Zac Kohl paid $4,500 for a condemned house on Jewett Street in Middlebury. That was back in 2012, when the poor Akron neighborhood had even fewer cheap and vacant houses than it does today.

But the Firestone High School graduate, recently married and wishing to start a family near the Presbyterian church he attended as a boy, saw potential in a community where others see ruin. So he dumped $55,000 into his new home.

Five years later, none of the eight homes he’s bought and remodeled since are worth what he’s put in them. But he doesn’t concern himself with short-term gains.

He’s building community.

With each labor of love, Kohl is converting blighted property into marketable housing, which he sells to people who want to be his neighbors, not to out-of-town landlords and speculators.

After reaching the personal limits of his credit, Kohl founded The Well Akron, a community development corporation in that former Presbyterian church on Market Street. There, he hopes to continue what he’s started, buying and fixing homes, but on a scale the size of his community, not just his street.

On Tuesday, the John S. and James L. Knight Foundation awarded Kohl’s organization and others in Kenmore and North Akron with $240,000 each to help make their dreams come true. The $720,000 gift follows years of experimentation and observation in communities that the city considers on the tipping point between success and ruin.

“There’s a lot of need in these neighborhoods,” said Kyle Kutuchief, Akron program director for the Knight Foundation.

Building on vision

The planning began when the foundation gave $50,000 to host Better Block events, first in North Hill in 2015, then in Middlebury last year and finally Kenmore this month.

The events gave residents and local businesses the funds to build a community of their choosing, if only for a weekend. Bands were brought in. Pop-up businesses filled vacant buildings. Food trucks lined sidewalks. People gathered on benches. Streets were repainted to slow down traffic and encourage walking and biking.

The wellspring of community-building concepts “exceeded expectations,” Kutuchief said. And so the Knight Foundation moved forward Tuesday with the $240,000 grants for The Well CDC, the Kenmore Neighborhood Alliance and the North Akron CDC.

“It’s not just about planning, anymore,” said Kutuchief. “It’s about action.”

Plan to action

Tina Boyes with the Kenmore Neighborhood Alliance said the first step will be to create a community development corporation.

Once up and running, a community development corporation could advocate for local commerce and incentivize businesses to fill in the empty storefronts along Kenmore Boulevard, perhaps avoiding the loss of staple businesses like the recently closed Huntington Bank branch.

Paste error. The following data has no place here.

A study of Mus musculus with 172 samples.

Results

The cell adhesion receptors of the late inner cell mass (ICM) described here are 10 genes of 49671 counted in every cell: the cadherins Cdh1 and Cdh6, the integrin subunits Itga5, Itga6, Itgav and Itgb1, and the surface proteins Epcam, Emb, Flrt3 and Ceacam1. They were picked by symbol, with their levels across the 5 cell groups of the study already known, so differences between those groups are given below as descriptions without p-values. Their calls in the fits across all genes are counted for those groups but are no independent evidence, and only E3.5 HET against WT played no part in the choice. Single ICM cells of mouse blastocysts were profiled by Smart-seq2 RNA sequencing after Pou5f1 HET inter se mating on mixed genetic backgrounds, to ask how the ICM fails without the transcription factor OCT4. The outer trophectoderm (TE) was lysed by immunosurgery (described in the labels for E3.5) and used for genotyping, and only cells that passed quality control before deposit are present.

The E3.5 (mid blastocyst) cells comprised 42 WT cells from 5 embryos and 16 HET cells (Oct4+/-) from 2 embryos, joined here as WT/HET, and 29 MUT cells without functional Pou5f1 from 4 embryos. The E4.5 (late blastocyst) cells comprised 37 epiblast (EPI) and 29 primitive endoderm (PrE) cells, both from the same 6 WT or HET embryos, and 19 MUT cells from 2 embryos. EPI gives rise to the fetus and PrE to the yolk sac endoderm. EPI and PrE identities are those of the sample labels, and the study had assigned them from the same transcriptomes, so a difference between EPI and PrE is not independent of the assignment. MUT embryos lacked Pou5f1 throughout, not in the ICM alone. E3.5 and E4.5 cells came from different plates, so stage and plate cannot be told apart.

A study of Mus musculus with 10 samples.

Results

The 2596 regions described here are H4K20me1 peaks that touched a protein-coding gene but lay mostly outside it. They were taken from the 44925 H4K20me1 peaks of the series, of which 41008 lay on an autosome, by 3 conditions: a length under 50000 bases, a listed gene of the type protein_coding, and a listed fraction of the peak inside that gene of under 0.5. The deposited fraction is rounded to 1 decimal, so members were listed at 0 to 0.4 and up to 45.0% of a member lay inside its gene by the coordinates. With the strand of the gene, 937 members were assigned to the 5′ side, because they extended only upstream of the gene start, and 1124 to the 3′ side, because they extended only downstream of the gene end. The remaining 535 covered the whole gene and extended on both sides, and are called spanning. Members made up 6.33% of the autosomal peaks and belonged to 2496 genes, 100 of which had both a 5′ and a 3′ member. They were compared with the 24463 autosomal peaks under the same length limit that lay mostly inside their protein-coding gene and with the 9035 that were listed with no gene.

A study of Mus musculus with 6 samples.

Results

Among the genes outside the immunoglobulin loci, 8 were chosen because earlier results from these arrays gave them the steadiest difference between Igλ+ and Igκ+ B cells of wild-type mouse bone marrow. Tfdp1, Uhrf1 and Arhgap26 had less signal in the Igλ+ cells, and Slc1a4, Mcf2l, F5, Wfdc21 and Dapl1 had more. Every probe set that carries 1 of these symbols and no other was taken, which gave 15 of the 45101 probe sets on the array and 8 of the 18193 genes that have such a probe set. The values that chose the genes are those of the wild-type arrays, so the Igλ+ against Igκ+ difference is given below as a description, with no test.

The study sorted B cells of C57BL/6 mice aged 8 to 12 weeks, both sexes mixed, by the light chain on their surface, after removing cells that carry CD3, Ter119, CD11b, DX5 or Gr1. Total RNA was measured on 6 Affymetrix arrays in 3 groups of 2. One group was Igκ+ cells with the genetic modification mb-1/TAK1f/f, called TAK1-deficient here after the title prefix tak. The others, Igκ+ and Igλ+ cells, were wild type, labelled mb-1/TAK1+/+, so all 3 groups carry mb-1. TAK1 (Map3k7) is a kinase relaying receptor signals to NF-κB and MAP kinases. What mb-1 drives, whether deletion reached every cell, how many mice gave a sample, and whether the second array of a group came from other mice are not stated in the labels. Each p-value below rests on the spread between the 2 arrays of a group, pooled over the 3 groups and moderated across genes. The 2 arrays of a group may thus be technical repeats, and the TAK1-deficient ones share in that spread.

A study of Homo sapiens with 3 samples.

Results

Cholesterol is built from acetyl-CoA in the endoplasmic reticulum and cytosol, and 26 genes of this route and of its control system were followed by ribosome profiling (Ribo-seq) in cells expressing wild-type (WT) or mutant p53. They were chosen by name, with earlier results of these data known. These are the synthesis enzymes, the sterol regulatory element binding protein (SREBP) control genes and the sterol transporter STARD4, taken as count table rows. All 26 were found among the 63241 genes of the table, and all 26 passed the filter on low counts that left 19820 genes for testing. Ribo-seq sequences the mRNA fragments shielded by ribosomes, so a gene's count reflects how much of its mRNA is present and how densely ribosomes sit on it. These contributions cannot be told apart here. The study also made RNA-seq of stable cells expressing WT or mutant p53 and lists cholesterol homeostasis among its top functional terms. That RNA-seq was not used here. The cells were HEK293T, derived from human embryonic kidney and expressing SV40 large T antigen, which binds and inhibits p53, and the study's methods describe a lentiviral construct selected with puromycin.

“We are a neighborhood with a lot of potential,” said Boyes. “We’re also one that, without the right kind of investment, could go either way. We want to be careful and do it right.”

North Akron CDC Director John Ughrin has engaged community partners, who say the money should be spent on “economic development, particularly entrepreneurship; beautification and the creation of ‘meeting spaces’ within the neighborhoods; and programming for both social and educational purposes.” Examples include benches or shade on vacant lots for the many pedestrians and bicyclists in North Hill; encouraging and supporting neighborhood partnerships with block parties or help seeking grants; or market tours to attract and inspire entrepreneurs.

“Wherever possible, we see ourselves as collaborators and partners with existing organizations and programs,” said Ughrin. “We feel it’s better to connect and facilitate, rather than duplicate efforts.”

Building community

Kohl and The Well CDC have the long-term goal of rehabbing 60 homes in five years. It’s an extension of what Kohl started five years ago when he used the equity in his home to get a line of credit to rehab the house next door, then the one next to it, and so on and so on.

Kohl advocated for the city to tear down two vacant homes on his street and ended up saving seven homes from falling into disrepair or the hands of someone who might put profits above community.

Eventually, he and his immediate neighbors ran out of resources. That’s why they started The Well CDC a year ago, to collaborate on state and national funding application and local efforts.

Kohl acknowledges the magnitude of the housing problem in Middlebury. To rehab one house each month, at about $50,000 apiece, he plans to hire a full-time employee at the CDC for two years to raise $2 million from private investors.

“And that’s just the tip of the spear,” Kohl said. “There’s 2,700 homes in Middlebury: only 32 percent are owner-occupied; 25 percent are vacant. We’re only scratching the surface.”

Kohl also plans to create a community toolshed and provide lessons on basic home repairs. He’s trying to form a local homeowners association to champion causes like holding landlords accountable.

In acknowledging that Middlebury, North Akron and Kenmore are at “a critical juncture between future development or current disinvestment,” Mayor Dan Horrigan said Community Development Block Grant Funding for demolition will be redirected to local community development corporations.

“This public funding, when leveraged with the Knight Foundation’s generous commitment, as well as future commitments from private sources, has the ability to truly build the capacity that our community needs to grow our population, rebuild our neighborhoods, and improve education, income, and health outcomes for all of our residents,” Horrigan said.

Reach Doug Livingston at 330-996-3792 or dlivingston@thebeaconjournal.com. Follow him @ABJDoug on Twitter or www.facebook.com/doug.livingston.92 on Facebook.